This week is tough, because we're going to delve into a beer that was once bottled and has since appeared only a few times in the wild. I hate to do that to you all, but then perhaps it will behoove you to head out to tap takeover events across Broward and Palm Beach.

See also: Florida Beer: Katelyn and Kaleigh Wine Barrel Aged Saison From Saltwater Brewery

This past Tuesday, Due South Brewing Company managed an almost complete tap takeover at Tap 42, the Fort Lauderdale craft beer favorite right across from the hospital. As part of that takeover event, the team at Due South brought along quite a few kegs of their rare, interesting, and one-off brewed beers.

One of those was the Apple Brandy Barrel Aged Caramel Cream Ale.

With this beer, the brewers and cellarmen move gallons of their flagship Caramel Cream Ale into Laird & Company Apple Brandy barrels to age over the course of months. This aging process allows the barrels to lend parts of their innards (for lack of a better term) to the beer inside them. It's the ultimate loving relationship.

Here, Caramel Cream Ale sat soaking up the goodness of those barrels, imparting a new and unique second wind to the old standby.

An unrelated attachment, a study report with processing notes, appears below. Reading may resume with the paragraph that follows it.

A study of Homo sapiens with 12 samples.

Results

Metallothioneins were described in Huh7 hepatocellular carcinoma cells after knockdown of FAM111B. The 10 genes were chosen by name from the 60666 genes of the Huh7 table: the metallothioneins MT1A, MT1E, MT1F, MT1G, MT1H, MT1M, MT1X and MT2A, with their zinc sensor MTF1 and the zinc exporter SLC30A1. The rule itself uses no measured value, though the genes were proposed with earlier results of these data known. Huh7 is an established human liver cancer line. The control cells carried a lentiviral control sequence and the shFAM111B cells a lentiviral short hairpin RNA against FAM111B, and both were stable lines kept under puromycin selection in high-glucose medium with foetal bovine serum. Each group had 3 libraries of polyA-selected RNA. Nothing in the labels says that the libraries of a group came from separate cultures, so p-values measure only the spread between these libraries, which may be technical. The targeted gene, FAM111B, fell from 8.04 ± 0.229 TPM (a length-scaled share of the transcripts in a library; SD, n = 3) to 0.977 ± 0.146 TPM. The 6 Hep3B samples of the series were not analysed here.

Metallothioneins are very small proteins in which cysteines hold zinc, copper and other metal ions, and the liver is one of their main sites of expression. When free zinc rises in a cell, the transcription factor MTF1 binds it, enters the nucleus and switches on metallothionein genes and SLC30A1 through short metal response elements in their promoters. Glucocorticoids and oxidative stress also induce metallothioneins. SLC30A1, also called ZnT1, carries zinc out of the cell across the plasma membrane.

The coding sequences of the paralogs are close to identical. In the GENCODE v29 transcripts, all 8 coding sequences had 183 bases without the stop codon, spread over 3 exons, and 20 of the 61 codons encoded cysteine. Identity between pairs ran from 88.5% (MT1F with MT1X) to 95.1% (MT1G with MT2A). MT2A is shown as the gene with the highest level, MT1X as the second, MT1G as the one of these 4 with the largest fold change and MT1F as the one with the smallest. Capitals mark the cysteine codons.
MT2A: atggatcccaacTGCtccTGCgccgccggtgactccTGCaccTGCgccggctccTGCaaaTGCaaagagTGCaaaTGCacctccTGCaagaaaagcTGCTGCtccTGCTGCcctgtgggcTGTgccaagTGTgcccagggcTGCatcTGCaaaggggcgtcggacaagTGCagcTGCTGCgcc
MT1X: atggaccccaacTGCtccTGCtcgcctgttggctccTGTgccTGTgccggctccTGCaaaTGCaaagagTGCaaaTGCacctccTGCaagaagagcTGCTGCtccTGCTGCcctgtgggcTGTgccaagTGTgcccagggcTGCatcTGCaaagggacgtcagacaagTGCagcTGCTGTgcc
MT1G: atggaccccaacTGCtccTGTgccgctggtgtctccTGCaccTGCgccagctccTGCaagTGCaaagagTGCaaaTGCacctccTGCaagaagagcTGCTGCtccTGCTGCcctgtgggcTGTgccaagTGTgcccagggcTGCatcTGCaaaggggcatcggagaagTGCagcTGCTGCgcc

It pours with a reddish-orange hue that glistens in the afternoon sunlight. The beer appears lighter and more boisterous in this new outfit. There is a small border of foam that hangs about as it is sipped. The aromas are a delight with notes of butterscotch, vanilla, and sweet apple butter. There is a determined nose of 'spirits' as well, hinting at the traces of brandy that have made their way into the drink.

Flavors again reminisce of butterscotch, fresh apples, and some mild oak. The taste holds itself with a heft that makes one think twice about if this is the standard Caramel Cream or the Imperial version. I am assured it is the former. Some basic drying character imparted from the wood takes hold at the end, showing that every aspect of this familiar beer has been updated.

As this is such an uncommon treat, there are very few places in which to sample. Know someone with a bottle? Hint you darndest to try a sample. Otherwise, keep a look out for this beer at various Due South tasting events across the area. Even if you can't find it specifically, there will undoubtedly be another intriguingly crafted varietal to sample.

Follow #FloridaBeerFriday for more reviews of Sunshine State brews.

Get out there and #DrinkLocal.

Doug Fairall is a craft beer blogger who focuses on Florida beers and has been a homebrewer since 2010. For beer things in your Twitter feed, follow him @DougFairall and find the latest beer pics on Instagram.